Increasing Popularity of Image Based Search Engines

February 2nd, 2007 at 12:00 am
 


At first, the Web contained mostly text-based information. But as technologies progressed so did the kinds of data that could be posted on the Web, from texts to photos, from audios to other kinds of media. By becoming more visually oriented, the Web opened up a whole new era for search engines. This time, search engines needed to be more capable of finding visual contents from images rather than just the usual text-based contents. With millions of photos being uploaded everyday, search engines really need to adapt and develop.

London based Pixsta is just one of the search engine applications that offers image browsing and searching technology. The software searches and automatically extracts the visual contents from the images posted on a website. Just like Pixsta, these kinds of search and browsing technologies are great for e-commerce sites and would be ideal for an online art gallery or a video library.

Pixsta recently launched Elle’s browse&buy and Explore on Net-a-porter.com, both perfect examples of how pixsta is able to "organise large image collections into hyperlinked networks of visual similarity, so that users can browse the network to find images that come close to what they want, and also spark off new searches."

Pixsta’s search technology aims to convert more window shopping browsers into buyers by categorizing and linking the images by setting their shapes, colors, and texture as search parameters. Aside from the two sites above, Pixsta have also set up www.chezimelda.com, a large online shoe store.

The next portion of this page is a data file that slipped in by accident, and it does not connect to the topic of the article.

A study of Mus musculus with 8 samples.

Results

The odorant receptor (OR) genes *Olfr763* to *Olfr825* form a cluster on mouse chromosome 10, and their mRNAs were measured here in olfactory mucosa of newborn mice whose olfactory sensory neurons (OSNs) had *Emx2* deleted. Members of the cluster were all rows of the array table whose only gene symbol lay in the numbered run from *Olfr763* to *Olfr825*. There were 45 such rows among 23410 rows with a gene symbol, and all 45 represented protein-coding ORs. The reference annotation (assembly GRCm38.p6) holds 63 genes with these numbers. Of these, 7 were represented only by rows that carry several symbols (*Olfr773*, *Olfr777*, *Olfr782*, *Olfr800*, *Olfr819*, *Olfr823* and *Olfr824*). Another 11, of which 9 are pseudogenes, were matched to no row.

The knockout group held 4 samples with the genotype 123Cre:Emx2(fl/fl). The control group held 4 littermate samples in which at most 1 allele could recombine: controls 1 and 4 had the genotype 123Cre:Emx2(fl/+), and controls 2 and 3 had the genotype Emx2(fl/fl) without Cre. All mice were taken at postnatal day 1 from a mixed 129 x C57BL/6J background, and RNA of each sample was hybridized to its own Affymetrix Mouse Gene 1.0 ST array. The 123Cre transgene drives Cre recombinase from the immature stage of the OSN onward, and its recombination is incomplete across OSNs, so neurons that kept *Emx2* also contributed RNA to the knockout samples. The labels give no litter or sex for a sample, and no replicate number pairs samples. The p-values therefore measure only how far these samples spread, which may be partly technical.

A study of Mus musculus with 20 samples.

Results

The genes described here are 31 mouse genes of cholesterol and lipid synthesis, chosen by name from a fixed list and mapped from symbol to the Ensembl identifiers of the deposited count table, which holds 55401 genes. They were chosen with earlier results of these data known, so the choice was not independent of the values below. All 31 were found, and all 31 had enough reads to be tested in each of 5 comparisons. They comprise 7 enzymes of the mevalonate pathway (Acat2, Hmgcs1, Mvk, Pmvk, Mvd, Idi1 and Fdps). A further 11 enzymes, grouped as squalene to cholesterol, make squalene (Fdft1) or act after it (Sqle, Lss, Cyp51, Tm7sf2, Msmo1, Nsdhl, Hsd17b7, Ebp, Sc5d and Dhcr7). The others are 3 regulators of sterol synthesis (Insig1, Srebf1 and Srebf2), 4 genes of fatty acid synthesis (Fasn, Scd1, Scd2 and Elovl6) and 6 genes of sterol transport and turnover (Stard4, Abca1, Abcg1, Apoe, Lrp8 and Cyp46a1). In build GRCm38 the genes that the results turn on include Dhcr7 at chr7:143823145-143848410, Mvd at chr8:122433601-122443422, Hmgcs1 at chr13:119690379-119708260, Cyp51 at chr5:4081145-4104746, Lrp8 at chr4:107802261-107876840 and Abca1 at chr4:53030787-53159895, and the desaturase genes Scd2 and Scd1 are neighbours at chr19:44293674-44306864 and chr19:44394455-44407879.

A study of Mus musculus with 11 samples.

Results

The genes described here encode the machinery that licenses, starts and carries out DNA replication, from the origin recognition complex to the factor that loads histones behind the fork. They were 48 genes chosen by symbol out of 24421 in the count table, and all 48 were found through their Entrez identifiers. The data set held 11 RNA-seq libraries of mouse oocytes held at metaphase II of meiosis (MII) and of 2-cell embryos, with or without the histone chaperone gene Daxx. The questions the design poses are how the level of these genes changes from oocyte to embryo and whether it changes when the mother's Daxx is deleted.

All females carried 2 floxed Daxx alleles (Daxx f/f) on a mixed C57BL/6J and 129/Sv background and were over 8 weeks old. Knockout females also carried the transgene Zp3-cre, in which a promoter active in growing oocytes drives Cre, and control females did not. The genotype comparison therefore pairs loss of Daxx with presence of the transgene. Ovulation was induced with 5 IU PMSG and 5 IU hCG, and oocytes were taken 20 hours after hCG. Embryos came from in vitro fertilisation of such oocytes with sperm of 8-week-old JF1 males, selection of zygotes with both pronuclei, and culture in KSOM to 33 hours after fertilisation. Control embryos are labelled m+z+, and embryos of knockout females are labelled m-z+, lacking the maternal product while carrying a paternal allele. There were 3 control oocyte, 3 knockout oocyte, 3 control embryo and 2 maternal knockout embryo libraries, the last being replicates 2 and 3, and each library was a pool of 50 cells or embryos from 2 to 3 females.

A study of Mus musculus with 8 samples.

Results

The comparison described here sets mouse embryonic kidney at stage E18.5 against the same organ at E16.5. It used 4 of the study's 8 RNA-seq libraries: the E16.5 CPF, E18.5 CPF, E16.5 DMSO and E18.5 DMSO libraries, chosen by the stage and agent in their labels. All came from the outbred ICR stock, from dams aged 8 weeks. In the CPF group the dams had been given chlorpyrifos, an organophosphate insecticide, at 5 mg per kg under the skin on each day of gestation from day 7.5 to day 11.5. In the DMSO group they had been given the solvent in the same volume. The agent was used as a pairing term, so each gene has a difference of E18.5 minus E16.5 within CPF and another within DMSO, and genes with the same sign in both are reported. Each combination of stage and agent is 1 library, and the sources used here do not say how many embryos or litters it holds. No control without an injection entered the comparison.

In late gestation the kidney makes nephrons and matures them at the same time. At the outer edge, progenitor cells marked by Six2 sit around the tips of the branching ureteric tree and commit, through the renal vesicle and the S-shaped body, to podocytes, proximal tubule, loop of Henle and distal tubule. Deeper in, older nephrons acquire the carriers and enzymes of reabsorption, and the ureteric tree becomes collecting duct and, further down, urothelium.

Riya and its shopping site Like.com are direct competitors of Pixsta. Just like Pixsta, search methods are conducted through the use of images. For Like.com, searches are conducted by crawling the webpages of more than 200 online stores and searching the more than two million different items. It seems, however, that Riya is far ahead in technology than Pixsta.

The former already have face recognition technology for searching photos and it was only in late last year that the company entered the consumer product market by launching Like.com. I’ve conducted some searches in Like.com and found the technology adequate. The search engine produce quite good results when colors and texture descriptions were used as search parameters.

Both Like.com and Pixsta were right on one thing, to target the huge consumer market. Because of the image based searches, people who read fashion magazines and watch entertainment channels are the ones that would benefit most from them. If someone sees a bracelet or watch a celebrity wore in a fashion or awarding event, he/she can search what specific watch it is by entering search words the describes what the watch looked like.